THE Epic of Gilgamesh, the renowned king of Uruk in Mesopotamia, comes from an age which had been wholly forgotten, until in the last century archaeologists began uncovering the buried cities of the Middle East. Till then the entire history of the long period which separated Abraham from Noah was contained in two of the most forbiddingly genealogical chapters of the Book of Genesis. From these chapters only two names survived in common parlance, those of the hunter Nimrud and the tower of Babel; but in the cycle of poems which are collected round the character of Gilgamesh we are carried back into the middle of that age.
These poems have a right to a place in the world’s literature, not only because they antedate Homeric epic by at least one and a half thousand years, but mainly because of the quality and character of the story that they tell. It is a mixture of pure adventure, of morality, and of tragedy. Through the action we are shown a very human concern with mortality, the search for knowledge, and for an escape from the common lot of man. The gods, who do not die, cannot be tragic. If Gilgamesh is not the first human hero, he is the first tragic hero of whom anything is known. He is at once the most sympathetic to us, and most typical of individual man in his search for life and understanding, and of this search the conclusion must be tragic. It is perhaps surprising that anything so old as a story of the third millennium B.C. should still have power to move, and still attract readers in the twentieth century A.D., and yet it does. The narrative is incomplete and may remain so; nevertheless it is today the finest surviving epic poem from any period until the appearance of Homer’s Iliad: and it is immeasurably older.
We have good evidence that most of the Gilgamesh poems were already written down in the first centuries of the second millennium B.C., and that they probably existed in much the same form many centuries earlier, while the final recension, and most complete edition, comes from the seventh century library of Assurbanipal, antiquary and last great king of the Assyrian Empire. This Assurbanipal was a formidable general, the plunderer of Egypt and Susa; but he was also the collector of a notable library of contemporary historical records, and of much older hymns, poems, and scientific and religious texts. He tells us that he sent out his servants to search the archives of the ancient seats of learning in Babylon, Uruk, and Nippur, and to copy and translate into the contemporary Akkadian Semitic those texts which were in the older Sumerian language of Mesopotamia. Amongst these texts, ‘Written down according to the original and collated in the palace of Assurbanipal, King of the World, King of Assyria’, was the poem which we call the Epic of Gilgamesh.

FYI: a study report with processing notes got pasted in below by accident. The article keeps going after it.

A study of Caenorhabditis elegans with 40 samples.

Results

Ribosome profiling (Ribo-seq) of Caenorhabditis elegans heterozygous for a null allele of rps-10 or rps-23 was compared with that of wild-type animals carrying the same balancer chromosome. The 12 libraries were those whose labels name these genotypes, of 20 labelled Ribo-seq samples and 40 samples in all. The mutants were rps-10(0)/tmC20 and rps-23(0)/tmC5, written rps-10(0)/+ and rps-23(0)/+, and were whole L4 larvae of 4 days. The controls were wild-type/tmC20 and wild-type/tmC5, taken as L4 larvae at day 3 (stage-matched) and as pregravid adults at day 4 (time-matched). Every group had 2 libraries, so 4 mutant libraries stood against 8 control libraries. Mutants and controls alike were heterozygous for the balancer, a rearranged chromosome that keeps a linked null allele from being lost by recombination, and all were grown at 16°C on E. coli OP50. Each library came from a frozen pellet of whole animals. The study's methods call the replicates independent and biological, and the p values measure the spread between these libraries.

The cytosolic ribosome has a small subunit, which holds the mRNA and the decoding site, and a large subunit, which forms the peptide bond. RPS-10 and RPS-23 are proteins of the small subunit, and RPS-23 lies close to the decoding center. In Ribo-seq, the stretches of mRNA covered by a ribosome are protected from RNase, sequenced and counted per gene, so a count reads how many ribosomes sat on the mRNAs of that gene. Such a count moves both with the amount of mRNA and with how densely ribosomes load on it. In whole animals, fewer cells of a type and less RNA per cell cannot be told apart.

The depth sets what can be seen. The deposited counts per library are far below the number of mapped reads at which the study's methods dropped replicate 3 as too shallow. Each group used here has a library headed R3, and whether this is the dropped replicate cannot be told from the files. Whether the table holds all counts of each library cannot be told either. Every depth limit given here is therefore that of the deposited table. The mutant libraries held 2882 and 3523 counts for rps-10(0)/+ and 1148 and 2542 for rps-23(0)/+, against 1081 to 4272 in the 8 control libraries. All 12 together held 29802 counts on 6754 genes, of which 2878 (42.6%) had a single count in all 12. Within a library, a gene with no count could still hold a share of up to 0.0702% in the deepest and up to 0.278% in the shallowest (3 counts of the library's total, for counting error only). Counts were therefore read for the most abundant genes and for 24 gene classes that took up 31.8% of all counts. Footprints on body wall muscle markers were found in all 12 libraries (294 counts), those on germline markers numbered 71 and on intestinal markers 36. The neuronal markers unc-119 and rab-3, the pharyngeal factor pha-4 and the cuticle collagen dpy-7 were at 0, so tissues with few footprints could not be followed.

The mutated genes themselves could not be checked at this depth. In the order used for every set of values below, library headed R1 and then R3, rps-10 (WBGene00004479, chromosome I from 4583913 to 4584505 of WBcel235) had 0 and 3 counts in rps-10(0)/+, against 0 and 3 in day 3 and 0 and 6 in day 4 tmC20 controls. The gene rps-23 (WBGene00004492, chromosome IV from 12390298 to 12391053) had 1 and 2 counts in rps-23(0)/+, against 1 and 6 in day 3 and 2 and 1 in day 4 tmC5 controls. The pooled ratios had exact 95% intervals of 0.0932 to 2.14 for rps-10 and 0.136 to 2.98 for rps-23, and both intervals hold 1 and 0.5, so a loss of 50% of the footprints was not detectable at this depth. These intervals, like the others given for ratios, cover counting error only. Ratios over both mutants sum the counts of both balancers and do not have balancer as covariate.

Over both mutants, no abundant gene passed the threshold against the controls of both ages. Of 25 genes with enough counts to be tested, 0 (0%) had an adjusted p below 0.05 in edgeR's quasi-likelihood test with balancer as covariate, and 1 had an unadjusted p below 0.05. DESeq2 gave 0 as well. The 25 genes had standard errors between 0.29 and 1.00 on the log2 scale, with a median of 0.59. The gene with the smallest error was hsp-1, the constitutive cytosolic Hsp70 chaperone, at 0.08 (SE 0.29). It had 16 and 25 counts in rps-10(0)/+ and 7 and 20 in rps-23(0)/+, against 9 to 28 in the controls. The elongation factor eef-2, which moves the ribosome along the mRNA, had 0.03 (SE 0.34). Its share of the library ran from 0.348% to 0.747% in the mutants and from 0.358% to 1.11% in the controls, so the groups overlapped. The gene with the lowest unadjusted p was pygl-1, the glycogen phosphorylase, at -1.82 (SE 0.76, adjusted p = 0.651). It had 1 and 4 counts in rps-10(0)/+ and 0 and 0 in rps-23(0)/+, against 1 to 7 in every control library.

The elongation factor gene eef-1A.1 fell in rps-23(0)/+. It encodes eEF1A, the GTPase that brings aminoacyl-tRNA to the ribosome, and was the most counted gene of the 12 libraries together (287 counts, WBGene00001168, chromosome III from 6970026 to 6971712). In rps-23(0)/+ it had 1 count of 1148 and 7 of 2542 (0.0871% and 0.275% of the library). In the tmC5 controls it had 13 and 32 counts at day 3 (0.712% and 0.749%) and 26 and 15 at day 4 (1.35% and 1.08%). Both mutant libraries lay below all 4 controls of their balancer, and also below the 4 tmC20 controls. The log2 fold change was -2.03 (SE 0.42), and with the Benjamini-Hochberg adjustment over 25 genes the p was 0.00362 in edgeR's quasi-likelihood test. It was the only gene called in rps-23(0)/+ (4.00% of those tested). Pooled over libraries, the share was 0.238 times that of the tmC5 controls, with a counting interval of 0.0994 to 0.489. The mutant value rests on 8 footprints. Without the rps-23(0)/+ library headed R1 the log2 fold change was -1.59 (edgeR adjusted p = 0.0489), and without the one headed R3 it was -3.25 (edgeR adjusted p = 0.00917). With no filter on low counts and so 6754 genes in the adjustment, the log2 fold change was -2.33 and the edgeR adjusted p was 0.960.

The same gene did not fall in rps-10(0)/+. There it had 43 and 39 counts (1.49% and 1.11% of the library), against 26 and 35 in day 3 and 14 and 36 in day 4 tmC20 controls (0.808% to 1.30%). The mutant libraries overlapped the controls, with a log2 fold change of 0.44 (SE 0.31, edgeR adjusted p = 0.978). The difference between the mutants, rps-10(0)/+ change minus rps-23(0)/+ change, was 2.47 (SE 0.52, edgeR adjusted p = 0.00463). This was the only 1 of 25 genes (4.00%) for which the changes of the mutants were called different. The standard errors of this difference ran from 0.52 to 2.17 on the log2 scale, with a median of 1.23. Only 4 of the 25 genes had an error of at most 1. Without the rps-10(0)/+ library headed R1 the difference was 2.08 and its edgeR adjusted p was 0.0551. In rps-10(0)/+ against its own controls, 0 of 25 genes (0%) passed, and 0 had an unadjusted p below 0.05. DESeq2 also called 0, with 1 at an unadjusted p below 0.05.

Not long after the completion of this task of collation the epic was virtually lost and the hero’s name forgotten, or disguised and garbled out of recognition; until it was rediscovered in the last century. This discovery was due, in the first place, to the curiosity of two Englishmen, and thereafter to the labours of scholars in many different parts of the world, who have pieced together, copied, and translated the clay tablets on which the poem is written. It is a work which continues, and more gaps are being filled in each year; but the main body of the Assyrian Epic has not been altered in essentials since the monumental publications of text, transliteration, and commentary by Campbell Thompson in 1928 and 1930. More recently, however, a new stage has been reached and fresh interest aroused by the work of Professor Samuel Kramer of Pennsylvania, whose collection and translation of Sumerian texts have carried the history of the Epic back into the third millennium B.C. It is now possible to combine and compare a far larger and older body of writings than ever before.